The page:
Local writers gather this weekend for the city’s first writers’ festival.


Little did Robbins know that this idea would come to fruition the very year of its conception. Weeks later while doing research at the Library of Virginia, Robbins struck up a conversation with John Kneebone, head of the library’s Center for the Book. Telling him about the recent poker game conversation that he’d had about the festival, Kneebone offered the Library of Virginia as a location. “When that happened, I was like ‘Oh my gosh,’” Robbins says, “The guy just handed me a locus for this festival.” After several enthusiastic meetings, Robbins brought onboard Phaedra Hise, now his festival co-chairwoman. “When she became involved the thing really started to take on steam,” Robbins says. “She was able to make contact with other writers that we didn’t know and who didn’t know us. But when we connected these circles the ball really got rolling.”

The result is a two-day conference to explore every aspect of creative writing. While the central tenant of other literary festivals is putting readers together with writers, the James River Writers Festival is focused on the craft of writing. The keynote speaker of the festival is offbeat and imaginative writer Tom Robbins, who will be speaking about his approach to fiction writing. But the focus won’t be on his work but on how he can help teach and inspire other fledgling writers. “None of the writers who will appear at our event will be reading from their work,” The Richmond-based Robbins says. “That’s not the point. The point is outreach. The point is inspiration.”

Another part of the festival is the First Novelist forum, a longtime program sponsored by Virginia Commonwealth University’s graduate fine arts program and its libraries. The forum has been folded into the festival this year. It will allow new writers to see the process of making an idea into a book. Not only will writers be speaking, but the agents whose attention the writers captured, will be there as well. Finally, the editor at the publishing house who bought the book and worked with the writer will be there as well. This allows audience members to ask questions about the array of the writing and publishing experience.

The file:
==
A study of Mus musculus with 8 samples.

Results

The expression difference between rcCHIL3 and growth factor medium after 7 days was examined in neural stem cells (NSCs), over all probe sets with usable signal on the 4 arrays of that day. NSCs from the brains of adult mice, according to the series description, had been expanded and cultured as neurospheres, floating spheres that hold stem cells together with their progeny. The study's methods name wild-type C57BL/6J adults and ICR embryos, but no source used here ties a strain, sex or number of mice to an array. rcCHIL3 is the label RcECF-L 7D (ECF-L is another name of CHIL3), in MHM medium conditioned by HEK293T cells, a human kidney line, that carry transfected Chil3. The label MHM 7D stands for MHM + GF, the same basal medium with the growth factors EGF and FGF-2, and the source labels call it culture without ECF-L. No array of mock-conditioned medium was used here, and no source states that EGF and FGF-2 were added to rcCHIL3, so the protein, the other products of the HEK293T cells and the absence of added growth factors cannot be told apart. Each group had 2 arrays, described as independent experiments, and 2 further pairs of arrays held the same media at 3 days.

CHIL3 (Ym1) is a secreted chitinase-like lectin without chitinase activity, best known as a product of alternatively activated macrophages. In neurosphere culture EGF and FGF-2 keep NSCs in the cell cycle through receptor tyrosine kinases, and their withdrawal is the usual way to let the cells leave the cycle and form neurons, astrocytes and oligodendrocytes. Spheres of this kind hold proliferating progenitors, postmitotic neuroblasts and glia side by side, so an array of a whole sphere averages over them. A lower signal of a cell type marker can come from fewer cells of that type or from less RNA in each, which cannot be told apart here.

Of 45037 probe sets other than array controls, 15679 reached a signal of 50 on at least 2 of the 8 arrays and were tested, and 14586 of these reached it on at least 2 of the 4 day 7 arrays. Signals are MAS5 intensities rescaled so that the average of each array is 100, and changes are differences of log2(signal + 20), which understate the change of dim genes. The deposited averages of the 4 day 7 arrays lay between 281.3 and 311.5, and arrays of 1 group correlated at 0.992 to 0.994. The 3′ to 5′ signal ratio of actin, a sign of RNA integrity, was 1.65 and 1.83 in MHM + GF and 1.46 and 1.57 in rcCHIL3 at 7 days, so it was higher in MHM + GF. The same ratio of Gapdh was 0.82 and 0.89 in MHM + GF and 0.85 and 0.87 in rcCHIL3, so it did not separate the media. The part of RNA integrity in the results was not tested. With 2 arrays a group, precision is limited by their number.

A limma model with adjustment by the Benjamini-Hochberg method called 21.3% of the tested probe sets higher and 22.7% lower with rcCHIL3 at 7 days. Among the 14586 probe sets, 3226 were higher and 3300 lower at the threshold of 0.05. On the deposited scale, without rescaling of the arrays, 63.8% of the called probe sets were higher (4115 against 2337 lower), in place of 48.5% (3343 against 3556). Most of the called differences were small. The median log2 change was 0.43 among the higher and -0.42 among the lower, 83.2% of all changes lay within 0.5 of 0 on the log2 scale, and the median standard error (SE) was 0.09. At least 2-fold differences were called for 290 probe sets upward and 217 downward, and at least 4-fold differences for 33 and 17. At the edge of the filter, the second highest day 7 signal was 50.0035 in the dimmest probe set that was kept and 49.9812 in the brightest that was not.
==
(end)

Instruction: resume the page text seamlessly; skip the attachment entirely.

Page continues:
While the headline speaker for the festival is one-time Richmonder and VCU graduate Tom Robbins, lots of local talent will be on display as well. “We’ve got really good writers from this city who are publishing at a very high level,” David Robbins says. “Dean King is very well thought of. Phaedra Hise is a wonderful nonfiction writer. Dennis Danvers, science fiction — Tom de Haven is the reigning Library of Virginia Novelist of the Year. Howard Owen is fantastic. Ann McMillan has written four Civil War mysteries.” Robbins likes to compare the Richmond writers with the underground music scene. “You know when you hear that band on the radio and then realize that they’re from Richmond? Well it’s the same thing with writers. This festival will showcase Richmond as a place that fosters literary talent and always has, from Edgar Allan Poe on.” S

At press time, the James River Writers Festival was sold-out. It takes place Oct. 3-4 at the Library of Virginia, 800 E. Broad St., www.jrwf.org.

But VCU’s First Novelist award and forum is open to the public. It takes place Oct. 3 with a reading by Isabel Zuber, author of “Salt,” at 7 p.m. in the Commonwealth Ballroom of VCU Student Commons. www.vcu.edu. It is free. Also during the festival, the winners of the first Style Weekly Fiction Contest will be announced.